Influenced: Alix Earle is not a stereotype


We are in an era of influence, and I often fall victim to it. 

Whether I walk into Starbucks because I see someone on the street holding a coffee or I purchase something in a store that I saw online, I am susceptible to behaving based on things I see in the world — especially things I see online.

Influencers like Emma Chamberlain, David Dobrik and the D’Amelio sisters have a chokehold on society, which leads me to wonder: How is this influence affecting the way young generations perceive themselves? 

Social media, namely TikTok, has completely changed the public outlook on trends. Seeing people close to our age tell us what to do, how to act and what to buy to be perceived a certain way is a game changer. 

Alix Earle, the latest social media icon and TikTok celebrity, known for her makeup collection and morning routine videos at the University of Miami, has taken over social media. She was even mentioned on ESPN, largely due to her former relationship with former MLB player Tyler Wade.

Earle has used her clout and social media domination to convince young girls to throw away hundreds, or even thousands, of dollars of makeup from Sephora, Ulta, Amazon and Target. 

They go out in droves to replace these products with expensive name brands to mimic her makeup routine so they can look and feel like her.

This is what influencers do, right? Their image influences.

One of Earle’s most magnetic attributes as an idolized social media presence is her transparency on and offline. She appears to not hide her emotions or experiences specifically her cosmetic procedures and prides herself on her funny and sweet personality. Her willingness to be transparent about her hardships, especially her past relationships, helps her fans find comfort in their own difficulties.

This openness is important because, contrary to her media perception as a stereotypical influencer, she is seemingly genuine and kind, often complimenting online users through comments. 

Specifically, I think she is honest when it comes to reviews. She does promotions sincerely and continually uses the same products. There has to be trust between an influencer and a consumer when it comes to suggestions about what to purchase.

I have fallen victim to her influence, and I think some aspects of her role are incredibly purposeful. Her “Get Ready with Me” videos, where she uses specific items often end up in my saved videos so I can go online and shop for those same items later.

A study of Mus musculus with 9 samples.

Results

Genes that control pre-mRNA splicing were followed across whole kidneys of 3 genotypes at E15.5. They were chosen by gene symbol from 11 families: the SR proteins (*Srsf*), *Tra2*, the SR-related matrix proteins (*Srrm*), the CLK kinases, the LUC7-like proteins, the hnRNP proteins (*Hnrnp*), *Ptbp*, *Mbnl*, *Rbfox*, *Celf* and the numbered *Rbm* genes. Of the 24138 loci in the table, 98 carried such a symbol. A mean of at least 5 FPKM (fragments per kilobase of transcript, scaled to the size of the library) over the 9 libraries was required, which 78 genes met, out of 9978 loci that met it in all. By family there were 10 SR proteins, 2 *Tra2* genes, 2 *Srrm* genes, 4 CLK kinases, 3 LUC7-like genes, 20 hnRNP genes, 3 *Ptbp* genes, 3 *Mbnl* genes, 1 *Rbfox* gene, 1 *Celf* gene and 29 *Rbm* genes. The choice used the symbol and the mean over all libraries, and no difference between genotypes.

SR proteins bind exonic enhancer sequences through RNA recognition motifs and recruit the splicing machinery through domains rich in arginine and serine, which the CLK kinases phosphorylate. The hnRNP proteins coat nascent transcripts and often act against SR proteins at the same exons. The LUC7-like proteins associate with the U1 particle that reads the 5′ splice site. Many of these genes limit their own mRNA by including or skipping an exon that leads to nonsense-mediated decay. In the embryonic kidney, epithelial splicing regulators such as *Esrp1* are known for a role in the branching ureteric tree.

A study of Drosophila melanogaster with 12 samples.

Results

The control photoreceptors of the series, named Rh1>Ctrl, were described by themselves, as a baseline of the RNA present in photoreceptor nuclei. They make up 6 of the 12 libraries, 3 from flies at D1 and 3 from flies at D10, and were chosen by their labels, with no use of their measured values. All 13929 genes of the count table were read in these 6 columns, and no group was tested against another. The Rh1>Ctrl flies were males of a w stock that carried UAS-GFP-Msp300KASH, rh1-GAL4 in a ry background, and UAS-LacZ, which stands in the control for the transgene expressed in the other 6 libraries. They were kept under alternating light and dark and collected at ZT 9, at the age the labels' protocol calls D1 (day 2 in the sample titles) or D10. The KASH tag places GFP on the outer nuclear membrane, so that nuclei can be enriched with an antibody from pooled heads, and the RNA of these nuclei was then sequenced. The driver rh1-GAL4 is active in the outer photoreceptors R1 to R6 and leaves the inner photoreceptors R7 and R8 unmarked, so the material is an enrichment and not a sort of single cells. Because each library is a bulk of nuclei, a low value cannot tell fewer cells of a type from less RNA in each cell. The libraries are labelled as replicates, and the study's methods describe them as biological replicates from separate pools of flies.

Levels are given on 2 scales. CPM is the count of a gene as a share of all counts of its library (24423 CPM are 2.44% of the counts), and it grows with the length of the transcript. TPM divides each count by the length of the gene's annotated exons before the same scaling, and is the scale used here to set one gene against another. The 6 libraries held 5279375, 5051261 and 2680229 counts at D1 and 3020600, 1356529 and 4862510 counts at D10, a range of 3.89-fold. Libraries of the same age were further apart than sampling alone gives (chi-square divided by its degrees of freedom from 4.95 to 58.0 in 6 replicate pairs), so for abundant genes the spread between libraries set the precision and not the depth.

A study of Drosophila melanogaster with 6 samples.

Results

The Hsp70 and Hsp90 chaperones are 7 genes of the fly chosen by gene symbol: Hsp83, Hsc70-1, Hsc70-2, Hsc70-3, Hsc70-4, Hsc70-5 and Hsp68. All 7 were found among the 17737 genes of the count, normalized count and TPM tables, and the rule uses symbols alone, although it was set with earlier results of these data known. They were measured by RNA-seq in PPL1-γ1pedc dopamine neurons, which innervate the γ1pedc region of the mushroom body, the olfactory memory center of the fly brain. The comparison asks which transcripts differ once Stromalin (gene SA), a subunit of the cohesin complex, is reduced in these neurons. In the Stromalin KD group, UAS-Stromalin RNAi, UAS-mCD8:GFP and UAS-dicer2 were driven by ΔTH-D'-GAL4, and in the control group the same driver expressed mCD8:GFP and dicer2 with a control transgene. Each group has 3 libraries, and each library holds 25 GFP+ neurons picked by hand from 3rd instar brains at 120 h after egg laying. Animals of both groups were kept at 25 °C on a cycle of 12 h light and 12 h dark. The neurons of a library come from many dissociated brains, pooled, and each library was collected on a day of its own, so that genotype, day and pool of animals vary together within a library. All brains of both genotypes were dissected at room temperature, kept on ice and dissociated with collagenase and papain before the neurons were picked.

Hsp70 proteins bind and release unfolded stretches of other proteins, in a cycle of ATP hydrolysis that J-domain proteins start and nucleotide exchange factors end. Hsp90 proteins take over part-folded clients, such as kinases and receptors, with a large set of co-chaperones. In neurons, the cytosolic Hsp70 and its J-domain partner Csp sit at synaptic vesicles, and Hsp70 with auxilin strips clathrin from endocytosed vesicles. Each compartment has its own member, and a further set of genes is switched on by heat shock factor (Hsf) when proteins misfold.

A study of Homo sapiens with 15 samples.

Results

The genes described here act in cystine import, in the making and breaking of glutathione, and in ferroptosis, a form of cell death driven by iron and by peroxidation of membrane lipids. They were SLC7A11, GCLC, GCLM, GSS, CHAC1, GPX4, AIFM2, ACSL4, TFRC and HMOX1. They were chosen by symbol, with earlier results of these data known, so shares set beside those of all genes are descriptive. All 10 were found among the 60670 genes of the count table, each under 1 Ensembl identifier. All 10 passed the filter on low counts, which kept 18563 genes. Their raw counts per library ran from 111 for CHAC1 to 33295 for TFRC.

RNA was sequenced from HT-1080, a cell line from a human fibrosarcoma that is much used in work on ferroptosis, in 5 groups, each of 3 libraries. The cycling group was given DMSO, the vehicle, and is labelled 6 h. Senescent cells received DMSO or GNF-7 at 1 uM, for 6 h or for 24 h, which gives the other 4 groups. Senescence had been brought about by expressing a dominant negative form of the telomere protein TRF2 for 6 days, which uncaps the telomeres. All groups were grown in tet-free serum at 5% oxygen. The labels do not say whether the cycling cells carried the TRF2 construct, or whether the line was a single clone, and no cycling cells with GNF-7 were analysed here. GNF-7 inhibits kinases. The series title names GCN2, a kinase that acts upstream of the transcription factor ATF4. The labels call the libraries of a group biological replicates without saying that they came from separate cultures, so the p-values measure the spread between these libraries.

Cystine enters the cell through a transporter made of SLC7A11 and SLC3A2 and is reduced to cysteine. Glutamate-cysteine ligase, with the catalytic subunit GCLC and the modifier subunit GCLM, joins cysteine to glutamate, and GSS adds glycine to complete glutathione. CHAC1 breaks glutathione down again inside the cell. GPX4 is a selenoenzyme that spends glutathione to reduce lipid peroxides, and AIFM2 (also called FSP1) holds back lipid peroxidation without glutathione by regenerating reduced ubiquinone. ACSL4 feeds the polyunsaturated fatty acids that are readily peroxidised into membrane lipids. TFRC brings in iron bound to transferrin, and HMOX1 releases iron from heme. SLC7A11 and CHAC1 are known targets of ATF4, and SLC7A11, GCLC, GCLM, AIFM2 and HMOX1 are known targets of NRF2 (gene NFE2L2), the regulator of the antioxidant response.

I have purchased the Benefit Roller Lash mascara and numerous powders, tools and lip products to achieve her desired look.

Although doing so makes me feel empowered at times, this does make me question my own individuality.

While I believe being inspired by celebrities can be powerful when their actions are done with good intentions, I can’t help but wonder if celebrities’ influence should be this saturated among young people.

How has this one college student created an “it girl” status that we all feel we should follow? Is it possible to maintain this image we aspire to embody? It’s human nature to see an individual and be swayed by their actions, but is it healthy for the younger generations to try and become them?

I believe Earle has managed to use her influence positively, and she mainly focuses on the beauty industry. She manages to show her humanity through her videos and reminds young girls that everyone is beautiful in their own way — a shift from past social media philosophies and brand mission statements. While they still look to her as someone to follow, her message is realistic and promotes positivity when it comes to loving yourself.

Her demeanor reminds young girls that beauty does come from within, and the products she uses merely enhance it. She has been honest about her journey with acne and how Accutane has helped her, and she seems to relate to feelings of self-consciousness and other struggles of her viewers. This relatability is why she has earned her consumers’ trust. 

Alix Earle has taken the term “influencer” and managed to change the stereotype by keeping young girls in tune with the definition of true beauty.